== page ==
Dancing at Lughnasa story of five sisters rural in 1936 Donegal

Citizens run marks 21st anniversary of Brian Friel's hit play

Dancing at Lughnasa story of five sisters rural in 1936 Donegal

When The Original Theatre Company’s version of Brian Friel’s Dancing at Lughnasa arrives at the Citizens Theatre in April, it will mark the 21st anniversary of its very first performance. ‘We hope that’s it’s going to really speak to people in Glasgow,’ says director Alastair Whatley. ‘I suppose it’s something in your bones, that Celtic feeling. The play speaks to people in a much stronger sense if you do have that connection.’

Set in rural Donegal in 1936, it focuses on the lives of five unmarried sisters as remembered by their grown-up nephew Michael. ‘They’re based on Friel’s own aunts,’ Whatley explains, ‘so it’s tinged with a real poignancy. It’s a memory play and it raises all sorts of fascinating questions about what a memory is, how truthful they can be and how important they are at shaping our lives.’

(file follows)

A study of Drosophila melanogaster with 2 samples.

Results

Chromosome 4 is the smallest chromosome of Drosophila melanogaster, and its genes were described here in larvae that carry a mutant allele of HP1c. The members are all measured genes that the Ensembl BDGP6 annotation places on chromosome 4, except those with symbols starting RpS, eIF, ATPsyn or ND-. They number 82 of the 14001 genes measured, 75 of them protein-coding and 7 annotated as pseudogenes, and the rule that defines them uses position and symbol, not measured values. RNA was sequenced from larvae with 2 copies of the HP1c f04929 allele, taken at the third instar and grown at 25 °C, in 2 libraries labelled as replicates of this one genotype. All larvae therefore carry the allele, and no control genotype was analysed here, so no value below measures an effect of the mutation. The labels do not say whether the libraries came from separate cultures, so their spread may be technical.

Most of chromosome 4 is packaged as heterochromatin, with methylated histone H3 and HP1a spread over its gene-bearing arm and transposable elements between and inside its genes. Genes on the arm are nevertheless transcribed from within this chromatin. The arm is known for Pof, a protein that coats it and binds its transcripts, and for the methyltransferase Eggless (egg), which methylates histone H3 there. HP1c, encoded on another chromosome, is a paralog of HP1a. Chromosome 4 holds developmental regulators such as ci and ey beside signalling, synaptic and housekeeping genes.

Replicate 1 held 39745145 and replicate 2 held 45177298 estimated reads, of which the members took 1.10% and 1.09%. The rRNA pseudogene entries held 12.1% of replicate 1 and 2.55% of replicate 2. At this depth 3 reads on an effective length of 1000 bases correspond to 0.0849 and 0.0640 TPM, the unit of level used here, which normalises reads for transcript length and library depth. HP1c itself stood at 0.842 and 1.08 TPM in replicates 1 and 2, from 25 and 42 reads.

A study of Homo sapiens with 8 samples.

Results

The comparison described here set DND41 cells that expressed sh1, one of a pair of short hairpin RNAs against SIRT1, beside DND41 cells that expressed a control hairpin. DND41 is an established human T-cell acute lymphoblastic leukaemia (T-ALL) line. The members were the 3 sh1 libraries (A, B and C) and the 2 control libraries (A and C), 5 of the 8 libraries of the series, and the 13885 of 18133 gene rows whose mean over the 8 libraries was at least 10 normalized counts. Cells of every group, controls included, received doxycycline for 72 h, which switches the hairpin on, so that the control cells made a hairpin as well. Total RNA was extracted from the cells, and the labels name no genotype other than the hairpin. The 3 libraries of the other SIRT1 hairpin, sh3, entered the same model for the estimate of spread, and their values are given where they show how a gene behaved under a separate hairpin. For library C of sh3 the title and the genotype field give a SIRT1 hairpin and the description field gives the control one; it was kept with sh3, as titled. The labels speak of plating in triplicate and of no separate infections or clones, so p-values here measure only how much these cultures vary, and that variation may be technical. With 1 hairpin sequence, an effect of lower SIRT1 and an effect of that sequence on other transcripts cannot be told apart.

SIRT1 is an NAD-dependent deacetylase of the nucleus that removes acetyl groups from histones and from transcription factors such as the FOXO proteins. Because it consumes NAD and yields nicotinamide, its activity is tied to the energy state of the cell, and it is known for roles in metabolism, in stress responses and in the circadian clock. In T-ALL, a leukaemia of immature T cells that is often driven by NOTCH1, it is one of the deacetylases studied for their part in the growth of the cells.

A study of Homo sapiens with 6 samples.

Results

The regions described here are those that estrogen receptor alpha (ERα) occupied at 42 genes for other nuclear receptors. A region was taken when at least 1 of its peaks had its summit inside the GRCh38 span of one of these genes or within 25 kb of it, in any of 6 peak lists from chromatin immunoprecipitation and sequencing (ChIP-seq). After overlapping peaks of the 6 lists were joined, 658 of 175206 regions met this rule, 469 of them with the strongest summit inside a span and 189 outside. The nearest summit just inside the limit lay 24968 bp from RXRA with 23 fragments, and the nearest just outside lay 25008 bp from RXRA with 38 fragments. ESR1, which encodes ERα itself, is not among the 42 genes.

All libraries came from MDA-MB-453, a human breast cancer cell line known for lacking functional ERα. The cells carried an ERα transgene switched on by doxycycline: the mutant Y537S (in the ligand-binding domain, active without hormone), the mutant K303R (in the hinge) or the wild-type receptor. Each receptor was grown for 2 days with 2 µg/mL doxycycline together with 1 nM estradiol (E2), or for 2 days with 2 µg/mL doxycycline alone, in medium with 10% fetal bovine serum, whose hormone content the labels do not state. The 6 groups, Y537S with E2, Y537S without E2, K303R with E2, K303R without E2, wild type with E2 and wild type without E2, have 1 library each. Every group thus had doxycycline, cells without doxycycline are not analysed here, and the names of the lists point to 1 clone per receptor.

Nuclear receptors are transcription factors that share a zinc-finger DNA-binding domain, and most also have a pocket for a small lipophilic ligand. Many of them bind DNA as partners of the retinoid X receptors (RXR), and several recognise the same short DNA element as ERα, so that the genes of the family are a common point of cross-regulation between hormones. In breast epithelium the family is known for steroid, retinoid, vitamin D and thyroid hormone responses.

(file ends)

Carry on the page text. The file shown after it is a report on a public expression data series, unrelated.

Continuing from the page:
Ultimately, it’s the play’s emotional power that has made it such a popular hit: ‘The sisters don’t give into their difficult situation,’ Whatley says. ‘They laugh and get by and I think people resonate with that – and increasingly so.’

Citizens Theatre, Glasgow, Tue 19–Sat 23 Apr

Dancing at Lughnasa

Brian Friel's Olivier Award winning play about life in a remote part of Ireland in the 1930s, focusing on the lives and loves of five sisters, told from the perspective of their brother Michael. Production by Theatre Alba.